Harris County Judge Lina Hidalgo is self-quarantining after being exposed to someone who tested positive for COVID-19 last week, the judge’s office announced Sunday.
It’s just one of the latest headlines in the Lone Star State as it faces a worsening pandemic.
“There are thousands of residents across Harris County that are increasingly finding themselves in the same position I am in today,” Hidalgo said in a statement. “There are rising numbers of residents testing positive for this virus, and more and more requiring hospitalization.”
The statewide infection rate — or the percentage of coronavirus tests that come back positive — has grown to 14 percent as of Saturday. That about 5 confirmed cases for every 1,000 Texans, according to state data.
Gov. Greg Abbott previously said state health officials want the infection rate around 6 percent, which represents manageable growth for controlling the virus (the World Health Organization, for example, recommends 5 percent).
In Texas, the statewide positivity rate has been climbing ever since the governor reopened all Texas businesses at the beginning of the month:
In Harris County, which leads the state in the number of confirmed cases and hospitalizations, the test positivity rate for COVID-19 currently stands at 22 percent according to the Texas Medical Center — almost three times the national average.
The state’s infection rate is of particular significance because it was one of two key indicators Abbott pointed to as justification for opening businesses, the other being hospitalizations.
On that note, one piece of good news from the weekend: the number of statewide hospitalizations dipped slightly, breaking an almost two-week trend for growth in the number of Texans currently being treated for COVID-19. It will take several more days to see if that drop in hospitalizations is a genuine result of Texans practicing more social distancing or merely an outlier in the month-long trend.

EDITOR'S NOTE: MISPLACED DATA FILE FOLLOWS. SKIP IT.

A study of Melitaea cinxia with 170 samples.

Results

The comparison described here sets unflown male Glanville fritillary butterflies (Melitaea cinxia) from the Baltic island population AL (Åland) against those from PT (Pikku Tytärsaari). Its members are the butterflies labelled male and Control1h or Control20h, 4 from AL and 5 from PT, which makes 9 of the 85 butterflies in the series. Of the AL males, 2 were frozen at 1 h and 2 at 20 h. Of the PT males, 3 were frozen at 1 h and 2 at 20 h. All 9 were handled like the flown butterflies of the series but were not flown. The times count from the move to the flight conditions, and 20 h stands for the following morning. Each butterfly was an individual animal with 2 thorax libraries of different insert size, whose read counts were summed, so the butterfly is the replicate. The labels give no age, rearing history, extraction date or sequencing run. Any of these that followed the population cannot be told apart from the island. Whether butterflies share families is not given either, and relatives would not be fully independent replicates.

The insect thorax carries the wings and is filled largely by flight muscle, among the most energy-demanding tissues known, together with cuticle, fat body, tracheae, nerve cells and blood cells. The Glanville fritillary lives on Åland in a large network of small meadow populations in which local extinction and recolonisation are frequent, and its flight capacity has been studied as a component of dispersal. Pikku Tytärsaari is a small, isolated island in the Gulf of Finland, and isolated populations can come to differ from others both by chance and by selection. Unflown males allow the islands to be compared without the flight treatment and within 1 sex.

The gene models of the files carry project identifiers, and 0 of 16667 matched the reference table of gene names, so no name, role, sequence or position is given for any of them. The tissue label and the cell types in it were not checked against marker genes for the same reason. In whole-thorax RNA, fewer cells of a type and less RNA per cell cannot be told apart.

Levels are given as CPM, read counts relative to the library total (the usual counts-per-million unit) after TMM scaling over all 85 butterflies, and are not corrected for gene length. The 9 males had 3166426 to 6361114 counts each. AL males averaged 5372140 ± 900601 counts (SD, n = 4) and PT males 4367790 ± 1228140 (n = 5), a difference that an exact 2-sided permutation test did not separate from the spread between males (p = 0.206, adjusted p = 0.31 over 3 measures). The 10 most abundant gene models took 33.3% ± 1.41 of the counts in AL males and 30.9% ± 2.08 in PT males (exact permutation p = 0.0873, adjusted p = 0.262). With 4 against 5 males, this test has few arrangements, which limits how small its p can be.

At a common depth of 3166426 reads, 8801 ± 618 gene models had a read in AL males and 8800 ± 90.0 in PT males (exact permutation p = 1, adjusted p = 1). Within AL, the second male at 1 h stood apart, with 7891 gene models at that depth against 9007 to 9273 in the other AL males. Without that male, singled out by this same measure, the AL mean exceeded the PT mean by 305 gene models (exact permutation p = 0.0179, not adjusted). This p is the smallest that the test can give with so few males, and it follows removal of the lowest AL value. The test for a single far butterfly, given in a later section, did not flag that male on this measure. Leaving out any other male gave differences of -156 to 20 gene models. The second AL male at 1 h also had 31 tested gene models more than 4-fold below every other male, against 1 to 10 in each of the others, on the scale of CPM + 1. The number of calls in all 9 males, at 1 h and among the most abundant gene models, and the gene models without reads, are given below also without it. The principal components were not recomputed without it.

As of Sunday, 5,497 Texans were being treated for COVID-19 in hospitals around the state.
As some Republicans have pointed out, despite growth in the state’s infection rate and number of hospitalizations, the number of Texans dying from the virus remains varied but does not show growth like other indicators.
While the reason ultimately remains unclear right now, the Texas Medical Association speculated it could be because deaths are a “lagging indicator” that take more time to reflect, or it could be because elderly Texans, who are the most vulnerable to the virus, have gotten better about protecting themselves.
Those thoughts were in part echoed last week by Anthony Fauci, the nation’s top infectious-disease specialist, who said during a congressional hearing that deaths always lag considerably behind cases.
“You might remember at the time when New York was in their worst situation where the deaths were going up and yet, the cases were going down, the deaths only came down multiple weeks later,” Fauci said. “You are seeing more cases now while the deaths are going down. The concern is if those cases infect people who wind up getting sick and go to the hospital, it is conceivable you may see the deaths going up.”
The increase in cases and hospitalizations in Texas has put Abbott, lauded by President Trump only weeks ago for his supposedly smooth reopening, in a retrospective mood.
On Thursday, Abbott announced a temporary pause on his plan for reopening Texas. A day later, he closed bars again and reduced restaurants to 50 percent occupancy.
“If I could go back and redo anything, it probably would have been to slow down the opening of bars, now seeing in the aftermath of how quickly the coronavirus spread in the bar setting,” Abbott said in an interview on Friday with KVIA in El Paso.